Friday Flashback #148

Faux Pas (1989) by Softimage, Daniel Langois, Georges Mauro and Char Davies.

When I was Six (1993) by Michelle Robinson

Some commentary from Algorithmic Video Art: an internship report

Exemplary for this stage is the use of the Softimage software in some of the ISEA videos. Softimage is the creator and publisher of software tools for artist whom work with computer generated imagery (CGI). Though Softimage mainly focuses itself on graphic tools for the creators of commercial films and video games, the company also supports educational and artistic projects23. During an early ISEA symposia one such project was Faux Pas (1989) created by artists Daniel Langois and Char Davies amongst others. This short animation of the anthropomorphism of a giant board of chess on which a rook (a chess tower) stumbles to his death, is surprisingly (hyper)realistic for the time it was made. One revels in the level of technological complexity, rather than in the tragedy which befall the chess pieces. Softimage is credited in both the animation itself and in most background information on the video. This means the technology used is flaunted explicitly and it becomes an important element of the work itself (almost to the point of it being an advertisement for Softimage).

The display of the capabilities of the current technology in Faux Pas, as if it were a technical experiment, seems to outweigh the artistic content. Through its derivation of conventions of realism, technology becomes the object of the work. The video When I was Six (1993) by Michelle Robinson uses Softimage software as well, but here the technology seems more secondary to Robinsons creative input. When I was Six is an animation filmed entirely from one perspective. Presumably it is the perspective of an imaginative six year old lying in bed and scared of the dark, for we see a dim room with bedchamber furniture which turns alive (much like the chess pieces in Faux Pas). The furniture, such as a closet and a chair, looms towards the “camera”, casting eerie shadows and threatening the viewer/six year old.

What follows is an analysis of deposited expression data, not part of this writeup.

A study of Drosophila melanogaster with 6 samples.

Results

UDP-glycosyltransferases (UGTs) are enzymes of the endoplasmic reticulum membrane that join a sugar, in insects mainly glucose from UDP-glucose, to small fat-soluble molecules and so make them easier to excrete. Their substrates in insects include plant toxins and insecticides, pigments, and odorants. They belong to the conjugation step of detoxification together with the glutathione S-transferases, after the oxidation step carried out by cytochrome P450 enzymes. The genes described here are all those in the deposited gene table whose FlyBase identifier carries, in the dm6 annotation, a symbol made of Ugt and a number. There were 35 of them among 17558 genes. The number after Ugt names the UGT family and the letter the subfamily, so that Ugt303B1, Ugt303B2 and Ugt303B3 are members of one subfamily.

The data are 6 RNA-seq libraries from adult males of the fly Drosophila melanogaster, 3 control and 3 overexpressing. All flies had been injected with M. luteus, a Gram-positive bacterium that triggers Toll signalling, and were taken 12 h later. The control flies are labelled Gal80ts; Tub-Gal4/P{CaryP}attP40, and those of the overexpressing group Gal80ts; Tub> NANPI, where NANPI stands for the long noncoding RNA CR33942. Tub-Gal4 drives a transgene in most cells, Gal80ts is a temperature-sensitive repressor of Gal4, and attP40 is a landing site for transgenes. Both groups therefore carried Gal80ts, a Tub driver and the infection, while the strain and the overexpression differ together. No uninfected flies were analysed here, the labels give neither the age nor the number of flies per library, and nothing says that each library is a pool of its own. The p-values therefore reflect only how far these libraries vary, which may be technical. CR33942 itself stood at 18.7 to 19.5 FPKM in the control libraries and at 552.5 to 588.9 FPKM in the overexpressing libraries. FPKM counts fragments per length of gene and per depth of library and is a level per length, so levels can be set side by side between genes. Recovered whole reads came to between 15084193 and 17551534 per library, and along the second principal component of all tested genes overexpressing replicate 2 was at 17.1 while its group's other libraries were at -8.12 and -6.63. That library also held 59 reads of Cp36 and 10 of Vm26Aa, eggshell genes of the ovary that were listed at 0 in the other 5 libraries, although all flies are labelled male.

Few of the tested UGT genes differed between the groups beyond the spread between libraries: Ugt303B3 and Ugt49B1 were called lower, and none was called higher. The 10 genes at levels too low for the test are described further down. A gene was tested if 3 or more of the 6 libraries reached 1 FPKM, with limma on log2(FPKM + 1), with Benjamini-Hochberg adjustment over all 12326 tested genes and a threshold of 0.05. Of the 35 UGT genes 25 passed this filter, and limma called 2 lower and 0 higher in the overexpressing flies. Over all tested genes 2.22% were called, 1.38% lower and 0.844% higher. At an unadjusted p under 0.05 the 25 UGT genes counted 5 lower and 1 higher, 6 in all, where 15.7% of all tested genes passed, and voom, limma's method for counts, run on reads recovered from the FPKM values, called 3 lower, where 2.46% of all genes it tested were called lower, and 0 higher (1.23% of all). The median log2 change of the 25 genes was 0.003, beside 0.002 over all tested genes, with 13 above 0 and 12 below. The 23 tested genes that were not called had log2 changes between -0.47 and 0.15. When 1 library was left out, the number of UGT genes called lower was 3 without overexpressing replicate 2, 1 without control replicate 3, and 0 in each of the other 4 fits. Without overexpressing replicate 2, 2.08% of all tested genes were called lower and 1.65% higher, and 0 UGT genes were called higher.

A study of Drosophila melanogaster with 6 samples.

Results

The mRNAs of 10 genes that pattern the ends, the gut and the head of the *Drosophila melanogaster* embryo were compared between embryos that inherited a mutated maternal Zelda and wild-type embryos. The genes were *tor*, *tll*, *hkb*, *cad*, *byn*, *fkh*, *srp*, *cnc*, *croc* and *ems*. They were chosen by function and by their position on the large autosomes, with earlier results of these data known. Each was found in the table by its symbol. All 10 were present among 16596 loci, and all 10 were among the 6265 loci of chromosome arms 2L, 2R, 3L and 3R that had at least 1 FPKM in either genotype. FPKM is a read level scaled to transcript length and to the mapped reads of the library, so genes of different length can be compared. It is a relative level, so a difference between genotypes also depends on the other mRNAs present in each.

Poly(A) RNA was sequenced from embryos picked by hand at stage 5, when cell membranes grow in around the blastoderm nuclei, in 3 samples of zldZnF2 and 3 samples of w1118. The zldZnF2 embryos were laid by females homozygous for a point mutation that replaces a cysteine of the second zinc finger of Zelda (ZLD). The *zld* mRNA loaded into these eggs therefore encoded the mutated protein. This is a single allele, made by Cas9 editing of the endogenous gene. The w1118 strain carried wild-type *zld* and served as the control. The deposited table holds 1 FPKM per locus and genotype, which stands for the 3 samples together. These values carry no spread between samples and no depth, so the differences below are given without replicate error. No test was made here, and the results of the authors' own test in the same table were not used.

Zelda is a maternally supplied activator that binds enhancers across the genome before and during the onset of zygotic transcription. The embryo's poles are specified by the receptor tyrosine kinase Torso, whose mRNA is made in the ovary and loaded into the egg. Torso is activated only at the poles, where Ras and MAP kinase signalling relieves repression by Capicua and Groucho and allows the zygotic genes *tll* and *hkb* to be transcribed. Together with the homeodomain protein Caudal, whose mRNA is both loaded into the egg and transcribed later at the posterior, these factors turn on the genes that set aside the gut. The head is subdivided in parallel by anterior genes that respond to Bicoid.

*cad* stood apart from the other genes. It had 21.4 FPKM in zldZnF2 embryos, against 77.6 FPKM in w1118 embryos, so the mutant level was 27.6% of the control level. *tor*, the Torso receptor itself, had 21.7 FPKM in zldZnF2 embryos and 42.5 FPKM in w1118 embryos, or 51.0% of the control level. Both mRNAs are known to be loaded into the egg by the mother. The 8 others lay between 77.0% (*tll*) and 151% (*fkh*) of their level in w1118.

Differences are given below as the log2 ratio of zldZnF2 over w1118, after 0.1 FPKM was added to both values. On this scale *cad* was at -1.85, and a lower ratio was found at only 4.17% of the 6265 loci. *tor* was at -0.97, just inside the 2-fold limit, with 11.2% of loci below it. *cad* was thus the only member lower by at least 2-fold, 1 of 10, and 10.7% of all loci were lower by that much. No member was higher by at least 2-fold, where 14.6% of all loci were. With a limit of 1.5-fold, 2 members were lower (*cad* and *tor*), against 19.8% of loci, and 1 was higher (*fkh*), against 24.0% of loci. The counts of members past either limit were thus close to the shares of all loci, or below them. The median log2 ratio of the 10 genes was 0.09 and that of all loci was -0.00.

Although the software has undoubtedly improved since Faux Pas, it does not appear to be the main focus of Robinson. However, the film still derives conventions from other media forms such as animation and cinema. The graphic technology used in this work is no longer the object, but more of a means to an end and though the basic aesthetics are visibly different from the aesthetics of either animation or cinema, not much has changed in either form or content. These videos exemplify the critique Greenfield refers to on computer art which merely uses technology and software as a set of tools.